Only buy something that you’d be perfectly happy to hold if the market shut down for 10 years. – Warren Buffett
Good news for the economy proved to be bad news for the stock market on Friday as the stronger than expected jobs report caused stocks to plunge. All of the major stock averages closed lower in a week that saw the S&P 500 Index and the Dow Jones Industrial Average close at an all-time high on Monday and the Nasdaq close above 5,000 for the first time in 15 years. Most of the weekly losses happened on Friday as the employment report showed that the U.S. economy created 295,000 jobs and that the unemployment rate dipped to 5.5%, the lowest level in almost seven years. Most economists had forecast the creation of about 240,000 new jobs. It marked the twelfth straight month that the economy had created at least 200,000 jobs and the much stronger-than-expected number occurred despite a brutal winter across most of the country. While more people stopped looking for work and hourly wages only rose three cents or 0.1%, the employment report was powerful enough to convince investors that the Federal Reserve may now raise interest rates sooner rather than later, perhaps as early as June. Fear of rising rates sent stock investors scurrying for the exits and caused the bond market to sell-off, too, as the yield on the 10-year Treasury rose to 2.24%. To be sure, the news on the job front is definitely positive for the economy and stocks in the long run, but caught investors by surprise as low interest rates have provided the catalyst for much of the stock markets’ gains. The bull market in stocks marks its sixth year anniversary on March 9th and it is understandable that investors might be a little trigger-happy at the possibility of it coming to an end. The employment report, however, is but one of many pieces of economic data that are due to be released over subsequent months and they all promise to paint a different picture of the strength or weakness of the economy.
Prior to the release of the jobs report on Friday, the week was uneventful despite a plethora of economic data. The ISM index of factory activity and the manufacturing purchasing managers’ index in January were both solidly above fifty, a reading that indicates continued expansion. The ISM non-manufacturing index was also well above this threshold and better than estimates. While personal income rose modestly, personal spending fell slightly and U.S. automobile sales were weaker than expected due to the harsh winter weather. Factory orders also declined slightly in January due to weak demand in Europe and Asia, a strong dollar and lower oil prices. The Federal Reserve’s beige book gave an upbeat assessment of almost all sectors of the economy in each of its districts.
In overseas news, China cut its benchmark interest rates by 25 basis points as a way to help boost economic growth. The European Central Bank (ECB) raised its growth estimate for 2015 to 1.5% from 1.0% and will begin its $66 million a month bond-buying program on Monday. Back in the U.S., it was announced that Apple would replace AT&T in the Dow Jones Industrial Average on March 18th.
For the week, the Dow Jones Industrial Average sank 1.5% to close at 17,856 while the S&P 500 Index lost 1.6% to close at 2,071. The Nasdaq Composite Index dropped 0.7% to close at 4,927.
There are only a few significant economic reports on tap for this week. Retail sales for February are forecast to increase 0.4% after declining by the same amount in January. The producer price index (PPI) is expected to show a modest gain and confirm that inflation remains under control.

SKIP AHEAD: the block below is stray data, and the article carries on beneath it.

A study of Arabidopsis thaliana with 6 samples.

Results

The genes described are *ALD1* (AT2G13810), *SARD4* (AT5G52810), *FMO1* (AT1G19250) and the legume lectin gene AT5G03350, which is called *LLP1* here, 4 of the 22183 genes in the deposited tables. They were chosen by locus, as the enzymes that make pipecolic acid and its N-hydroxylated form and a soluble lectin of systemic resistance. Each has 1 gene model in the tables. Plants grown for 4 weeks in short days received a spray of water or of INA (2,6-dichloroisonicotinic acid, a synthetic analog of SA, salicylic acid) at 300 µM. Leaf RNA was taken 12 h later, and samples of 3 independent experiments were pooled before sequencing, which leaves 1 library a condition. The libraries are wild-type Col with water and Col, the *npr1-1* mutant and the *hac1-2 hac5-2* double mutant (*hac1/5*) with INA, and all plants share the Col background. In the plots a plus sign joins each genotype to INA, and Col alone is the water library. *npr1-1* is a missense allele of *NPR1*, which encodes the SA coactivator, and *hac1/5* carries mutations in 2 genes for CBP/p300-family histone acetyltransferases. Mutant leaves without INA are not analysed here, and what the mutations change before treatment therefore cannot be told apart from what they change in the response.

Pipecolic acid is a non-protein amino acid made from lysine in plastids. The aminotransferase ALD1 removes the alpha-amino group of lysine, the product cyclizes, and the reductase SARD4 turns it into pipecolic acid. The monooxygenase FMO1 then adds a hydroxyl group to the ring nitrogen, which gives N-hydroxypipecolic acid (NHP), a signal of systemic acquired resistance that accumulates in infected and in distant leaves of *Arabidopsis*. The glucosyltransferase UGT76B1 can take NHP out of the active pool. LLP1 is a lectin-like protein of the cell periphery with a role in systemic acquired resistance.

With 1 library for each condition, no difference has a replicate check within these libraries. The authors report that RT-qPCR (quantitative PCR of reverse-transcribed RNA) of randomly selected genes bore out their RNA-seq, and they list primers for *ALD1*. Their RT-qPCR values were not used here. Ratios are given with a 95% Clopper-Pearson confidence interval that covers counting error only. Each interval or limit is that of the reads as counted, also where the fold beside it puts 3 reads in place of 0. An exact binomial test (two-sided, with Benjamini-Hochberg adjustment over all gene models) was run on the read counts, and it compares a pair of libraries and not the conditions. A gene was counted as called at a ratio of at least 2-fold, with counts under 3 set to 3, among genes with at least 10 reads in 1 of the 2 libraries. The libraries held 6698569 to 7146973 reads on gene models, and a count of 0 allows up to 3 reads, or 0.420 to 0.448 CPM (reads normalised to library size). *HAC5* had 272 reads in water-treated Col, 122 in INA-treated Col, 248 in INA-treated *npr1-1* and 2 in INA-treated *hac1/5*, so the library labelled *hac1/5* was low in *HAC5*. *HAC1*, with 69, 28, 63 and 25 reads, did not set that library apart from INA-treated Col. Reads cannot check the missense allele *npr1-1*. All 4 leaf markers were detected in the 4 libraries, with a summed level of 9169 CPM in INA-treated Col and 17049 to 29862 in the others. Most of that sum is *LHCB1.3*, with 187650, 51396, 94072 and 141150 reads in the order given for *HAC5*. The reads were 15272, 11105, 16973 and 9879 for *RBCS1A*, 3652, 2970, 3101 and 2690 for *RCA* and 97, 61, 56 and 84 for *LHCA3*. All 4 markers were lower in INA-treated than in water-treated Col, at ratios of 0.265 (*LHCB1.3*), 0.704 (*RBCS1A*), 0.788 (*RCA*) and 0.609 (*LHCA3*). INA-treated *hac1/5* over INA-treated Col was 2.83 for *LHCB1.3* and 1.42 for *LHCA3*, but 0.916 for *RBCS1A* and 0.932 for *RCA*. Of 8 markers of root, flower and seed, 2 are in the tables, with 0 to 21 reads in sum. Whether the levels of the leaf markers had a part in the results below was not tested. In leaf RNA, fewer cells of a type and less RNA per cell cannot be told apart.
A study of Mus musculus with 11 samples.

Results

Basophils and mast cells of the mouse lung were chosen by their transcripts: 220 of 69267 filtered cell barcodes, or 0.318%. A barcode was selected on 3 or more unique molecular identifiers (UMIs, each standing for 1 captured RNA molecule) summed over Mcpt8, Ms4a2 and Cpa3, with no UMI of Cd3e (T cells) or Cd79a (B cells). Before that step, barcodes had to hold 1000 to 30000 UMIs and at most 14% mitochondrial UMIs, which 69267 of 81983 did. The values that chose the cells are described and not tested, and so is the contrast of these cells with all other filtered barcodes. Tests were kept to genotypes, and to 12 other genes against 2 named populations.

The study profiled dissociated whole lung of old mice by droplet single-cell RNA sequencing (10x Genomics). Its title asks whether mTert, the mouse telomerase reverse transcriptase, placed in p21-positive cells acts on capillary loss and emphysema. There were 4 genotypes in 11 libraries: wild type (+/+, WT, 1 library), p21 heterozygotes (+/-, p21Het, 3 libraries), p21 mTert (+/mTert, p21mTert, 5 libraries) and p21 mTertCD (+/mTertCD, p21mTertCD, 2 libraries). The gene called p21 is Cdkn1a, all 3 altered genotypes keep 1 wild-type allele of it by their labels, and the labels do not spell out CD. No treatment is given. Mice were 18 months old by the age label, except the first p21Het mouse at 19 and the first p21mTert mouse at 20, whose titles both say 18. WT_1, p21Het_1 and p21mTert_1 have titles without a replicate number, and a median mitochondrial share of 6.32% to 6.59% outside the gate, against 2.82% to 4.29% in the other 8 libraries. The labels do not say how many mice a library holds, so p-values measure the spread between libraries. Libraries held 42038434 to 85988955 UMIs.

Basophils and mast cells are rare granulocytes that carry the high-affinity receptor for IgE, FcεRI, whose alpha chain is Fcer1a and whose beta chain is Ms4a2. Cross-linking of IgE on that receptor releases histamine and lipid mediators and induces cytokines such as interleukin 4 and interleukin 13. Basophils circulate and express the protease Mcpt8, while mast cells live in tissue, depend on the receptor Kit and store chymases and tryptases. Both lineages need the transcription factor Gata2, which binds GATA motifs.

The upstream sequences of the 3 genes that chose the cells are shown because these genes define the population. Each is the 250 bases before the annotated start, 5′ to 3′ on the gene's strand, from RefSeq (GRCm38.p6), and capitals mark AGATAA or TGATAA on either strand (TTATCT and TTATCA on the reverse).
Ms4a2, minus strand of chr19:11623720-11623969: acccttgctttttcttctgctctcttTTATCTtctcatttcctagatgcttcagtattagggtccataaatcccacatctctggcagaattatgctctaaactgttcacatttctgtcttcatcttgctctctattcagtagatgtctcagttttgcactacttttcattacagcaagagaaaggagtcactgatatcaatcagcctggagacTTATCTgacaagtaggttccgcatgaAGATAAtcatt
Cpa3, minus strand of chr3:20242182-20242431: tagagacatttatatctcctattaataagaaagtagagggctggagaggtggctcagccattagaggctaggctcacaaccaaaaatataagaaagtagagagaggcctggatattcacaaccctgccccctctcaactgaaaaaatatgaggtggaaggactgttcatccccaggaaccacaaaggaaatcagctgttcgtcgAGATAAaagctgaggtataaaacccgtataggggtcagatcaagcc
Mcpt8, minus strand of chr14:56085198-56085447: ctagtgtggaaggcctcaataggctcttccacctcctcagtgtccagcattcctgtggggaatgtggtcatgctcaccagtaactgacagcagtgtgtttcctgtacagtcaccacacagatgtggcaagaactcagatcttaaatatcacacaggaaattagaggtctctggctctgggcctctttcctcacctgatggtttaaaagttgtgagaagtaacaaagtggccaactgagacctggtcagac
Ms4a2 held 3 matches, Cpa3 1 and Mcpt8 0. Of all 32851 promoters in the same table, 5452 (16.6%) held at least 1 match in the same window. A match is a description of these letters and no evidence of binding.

The Federal Reserve will announce the results of its stress tests on banks to determine whether they can pay dividends and buy back stock. China will be watched closely as economic data on consumer and producer prices, industrial production and retail sales are reported.
Retailers will be in the spotlight again this week as Barnes & Noble, Williams & Sonoma, Men’s Wearhouse, Dollar General, Stein Mart, Urban Outfitters and Aeropostale are scheduled to report earnings.
In addition to the losses suffered in the stock market last week, the bond market also declined after the strong employment report was released. The yield on the 10-year Treasury has risen to about 2.25% from just under 2.00% a few weeks ago. As bond investors know all too well, as interest rates rise, the price of bonds and bond funds falls. While the temptation might be to dump your bonds at the prospect of rising yields, that could actually do more harm than good to your bond portfolio. Most economists had forecast that interest rates would rise the last few years only to find out that just the opposite happened. It’s nearly impossible to accurately predict which direction interest rates are headed and foolish to even try. The best strategy is to shorten the duration of the bond portfolio somewhat in order that the overall average maturity is short-to-intermediate term in length. For an individual bond portfolio, a simple ladder of maturities or a barbell strategy that invests in both short- and long-term bonds would be a prudent approach. In a rising interest rate environment, bonds that mature in an individual bond ladder or in bond fund are reinvested at higher rates, thereby reducing the reinvestment risk and maintaining the overall yield and income flow. More importantly, the bond portion of the portfolio is designed to protect against the volatility of stocks and other more risky asset classes and provide safety and a reliable source of income. With the European Central Bank set to begin its massive bond-buying program this week, yields there should fall even further and make yields on U.S. securities downright attractive by comparison. This discrepancy should help keep a lid on interest rates here as demand for our bonds should increase.